Looking for Wood Among the M2M Trees

Summary Bullets:

  • For CIOs, the hype around M2M is irrelevant to the value they can get from it.
  • If they can cost-justify a use case now, they should just do it; telcos need volume to drive prices even lower.

IoT has struggled to become pervasive because there is a mismatch between the longevity and cost of the communicating device and the application it serves, and the value they create. Since silicon can last forever, the secret is to increase the number of chips and applications in service. So when they talk to their telco suppliers about M2M applications, CIOs need to bear in mind the cost/volume/profit (CVP) relationship, and seek to maximize the value they can create.

Farmers and mining companies have little difficulty justifying expensive GPS connections to monitor multi-million dollar assets like combine harvesters and ore carriers to do preventative maintenance because their unscheduled downtime is so costly. It’s also costly to chip and connect a cow or a chicken, but if the retailer refuses to buy the animal because its life history is undocumented and inaccessible, the farmer risks losing his entire investment in the animal. Similarly with maintaining the cool chain for foods and drugs, where time spent above a certain temperature means rejected goods.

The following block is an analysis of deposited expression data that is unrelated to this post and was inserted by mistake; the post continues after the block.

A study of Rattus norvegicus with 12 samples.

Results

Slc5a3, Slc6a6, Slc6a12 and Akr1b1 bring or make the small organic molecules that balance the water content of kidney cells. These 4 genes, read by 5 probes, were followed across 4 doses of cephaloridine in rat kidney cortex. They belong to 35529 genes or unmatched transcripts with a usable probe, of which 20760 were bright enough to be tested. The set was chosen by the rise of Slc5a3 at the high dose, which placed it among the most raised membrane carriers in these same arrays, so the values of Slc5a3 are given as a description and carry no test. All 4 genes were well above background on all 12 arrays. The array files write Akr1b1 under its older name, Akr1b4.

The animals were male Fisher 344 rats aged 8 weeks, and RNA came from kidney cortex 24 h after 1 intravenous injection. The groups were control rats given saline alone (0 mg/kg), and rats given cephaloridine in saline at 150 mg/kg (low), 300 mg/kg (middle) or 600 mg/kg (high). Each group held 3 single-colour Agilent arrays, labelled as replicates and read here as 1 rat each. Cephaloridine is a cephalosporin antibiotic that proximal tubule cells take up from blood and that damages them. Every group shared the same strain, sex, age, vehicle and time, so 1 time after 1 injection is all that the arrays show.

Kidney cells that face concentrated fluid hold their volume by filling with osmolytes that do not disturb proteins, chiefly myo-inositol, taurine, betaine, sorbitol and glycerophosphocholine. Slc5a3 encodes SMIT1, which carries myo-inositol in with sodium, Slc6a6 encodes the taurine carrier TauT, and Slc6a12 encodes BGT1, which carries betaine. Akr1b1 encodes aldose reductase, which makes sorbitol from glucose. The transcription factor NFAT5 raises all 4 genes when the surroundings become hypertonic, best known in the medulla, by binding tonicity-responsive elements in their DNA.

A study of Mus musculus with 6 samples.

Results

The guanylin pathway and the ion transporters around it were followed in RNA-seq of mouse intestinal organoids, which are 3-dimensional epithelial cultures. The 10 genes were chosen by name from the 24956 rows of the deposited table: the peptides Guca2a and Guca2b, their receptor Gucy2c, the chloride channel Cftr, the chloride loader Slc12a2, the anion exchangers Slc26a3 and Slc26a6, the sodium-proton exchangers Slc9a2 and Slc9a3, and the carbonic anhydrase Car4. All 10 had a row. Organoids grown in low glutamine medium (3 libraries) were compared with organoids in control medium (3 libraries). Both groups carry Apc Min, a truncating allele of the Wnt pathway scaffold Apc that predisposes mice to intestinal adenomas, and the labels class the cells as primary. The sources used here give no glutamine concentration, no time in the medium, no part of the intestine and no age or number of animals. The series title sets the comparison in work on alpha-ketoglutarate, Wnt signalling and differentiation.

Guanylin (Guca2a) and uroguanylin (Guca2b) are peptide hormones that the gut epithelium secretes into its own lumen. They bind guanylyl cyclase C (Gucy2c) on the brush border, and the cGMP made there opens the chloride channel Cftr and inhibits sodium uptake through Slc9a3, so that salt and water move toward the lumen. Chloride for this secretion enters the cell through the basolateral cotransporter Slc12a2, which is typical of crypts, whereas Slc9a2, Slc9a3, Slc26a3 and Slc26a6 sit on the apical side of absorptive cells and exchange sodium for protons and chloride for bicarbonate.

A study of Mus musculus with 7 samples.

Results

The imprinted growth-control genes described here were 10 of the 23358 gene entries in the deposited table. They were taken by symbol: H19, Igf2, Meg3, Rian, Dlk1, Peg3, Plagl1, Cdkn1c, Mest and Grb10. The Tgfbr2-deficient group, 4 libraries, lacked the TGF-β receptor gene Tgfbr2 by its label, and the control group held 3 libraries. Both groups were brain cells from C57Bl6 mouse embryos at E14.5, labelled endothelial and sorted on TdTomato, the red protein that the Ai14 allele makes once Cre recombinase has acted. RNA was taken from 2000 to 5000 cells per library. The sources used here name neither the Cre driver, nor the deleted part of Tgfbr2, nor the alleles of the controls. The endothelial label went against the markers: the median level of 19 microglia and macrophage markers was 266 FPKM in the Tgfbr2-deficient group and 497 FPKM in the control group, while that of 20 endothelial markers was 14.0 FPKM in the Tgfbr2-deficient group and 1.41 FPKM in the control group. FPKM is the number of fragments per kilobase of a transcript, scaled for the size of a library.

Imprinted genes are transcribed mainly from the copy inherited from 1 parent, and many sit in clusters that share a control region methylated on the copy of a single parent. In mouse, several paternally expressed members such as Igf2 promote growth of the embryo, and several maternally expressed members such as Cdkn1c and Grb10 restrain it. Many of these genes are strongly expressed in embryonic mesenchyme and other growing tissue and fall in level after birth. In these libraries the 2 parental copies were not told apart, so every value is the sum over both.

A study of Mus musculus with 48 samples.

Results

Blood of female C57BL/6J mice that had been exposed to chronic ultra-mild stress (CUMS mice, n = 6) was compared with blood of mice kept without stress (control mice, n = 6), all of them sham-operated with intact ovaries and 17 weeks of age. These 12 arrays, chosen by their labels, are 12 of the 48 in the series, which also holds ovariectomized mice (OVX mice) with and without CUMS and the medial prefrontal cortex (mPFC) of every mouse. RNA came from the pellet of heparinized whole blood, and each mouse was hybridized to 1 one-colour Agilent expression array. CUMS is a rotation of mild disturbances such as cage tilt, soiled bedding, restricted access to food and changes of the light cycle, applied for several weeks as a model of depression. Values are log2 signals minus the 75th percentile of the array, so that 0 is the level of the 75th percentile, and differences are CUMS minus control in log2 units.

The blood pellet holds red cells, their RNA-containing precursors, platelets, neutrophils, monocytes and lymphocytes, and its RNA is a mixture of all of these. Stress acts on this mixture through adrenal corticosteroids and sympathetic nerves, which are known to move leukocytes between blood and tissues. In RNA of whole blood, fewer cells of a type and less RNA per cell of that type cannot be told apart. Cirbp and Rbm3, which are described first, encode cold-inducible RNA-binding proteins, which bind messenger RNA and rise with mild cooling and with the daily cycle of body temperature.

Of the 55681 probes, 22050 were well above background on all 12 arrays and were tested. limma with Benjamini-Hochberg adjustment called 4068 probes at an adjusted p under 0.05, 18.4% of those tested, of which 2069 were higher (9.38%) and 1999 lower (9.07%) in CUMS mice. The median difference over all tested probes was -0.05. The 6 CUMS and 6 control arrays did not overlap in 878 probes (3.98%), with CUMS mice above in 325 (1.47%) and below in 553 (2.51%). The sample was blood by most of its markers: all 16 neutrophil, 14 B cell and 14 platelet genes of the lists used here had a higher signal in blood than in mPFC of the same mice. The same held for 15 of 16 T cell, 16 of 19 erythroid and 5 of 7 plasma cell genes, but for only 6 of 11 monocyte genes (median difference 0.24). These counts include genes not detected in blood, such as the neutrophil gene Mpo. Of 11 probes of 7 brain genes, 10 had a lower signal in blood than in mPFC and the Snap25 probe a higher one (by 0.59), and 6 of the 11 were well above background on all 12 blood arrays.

Generally speaking, telcos have not found a way to price their services according to customer value. Indeed, under universal service and net neutrality obligations, their freedom to do so may be highly restricted. The switch to IP transport gave some relief, but that was quickly eroded by start-up VoIP and OTT firms. Telcos generally choose to run subordinate to the cost/volume/profit relationship, so their aim has been to fill their new vast pipes at prices set to attract lots of customers. Video has been their content of choice, so they have had to meet and beat the cable companies on price.

Many believe that the IoT market is overhyped, and the latest Ericsson mobility report shows by how much. It reports that machine to machine traffic represents less than one per cent of total data traffic. “Live” non-cellular M2M devices are forecast to rise from 2.6 billion in 2015 to 10.7 billion by 2021, slightly more than the number of phones that currently make up most of the M2M market. Cellular industrial and consumer M2M devices should grow from 0.4 billion devices to 1.6 billion.

Profitability is not the customers’ concern; the cheaper the better, they think. Indeed, as most telcos offer both fixed and wireless network access, customers want fitness for purpose to be the rule.

With competition for consumers driving down prices for IP transport, businesses can exploit the curve to enable greater use of machine to machine communications. They can generally afford to ignore the debate over NB-IoT or LoRa, or whatever technical dispute engages the experts from time to time. They can instead focus on what’s meaningful to them, which boils down to location, time, reliability, and value. They can leave the communications solution to the telcos, and govern by service level agreements.

Telcos can choose whether they want to co-create value, or to continue to play the CVP game. Outsourcing removes some of customers’ fixed cost risk, and some telcos are already saying “Play for free on our platform – if it works, let’s make money together.” Let there be more.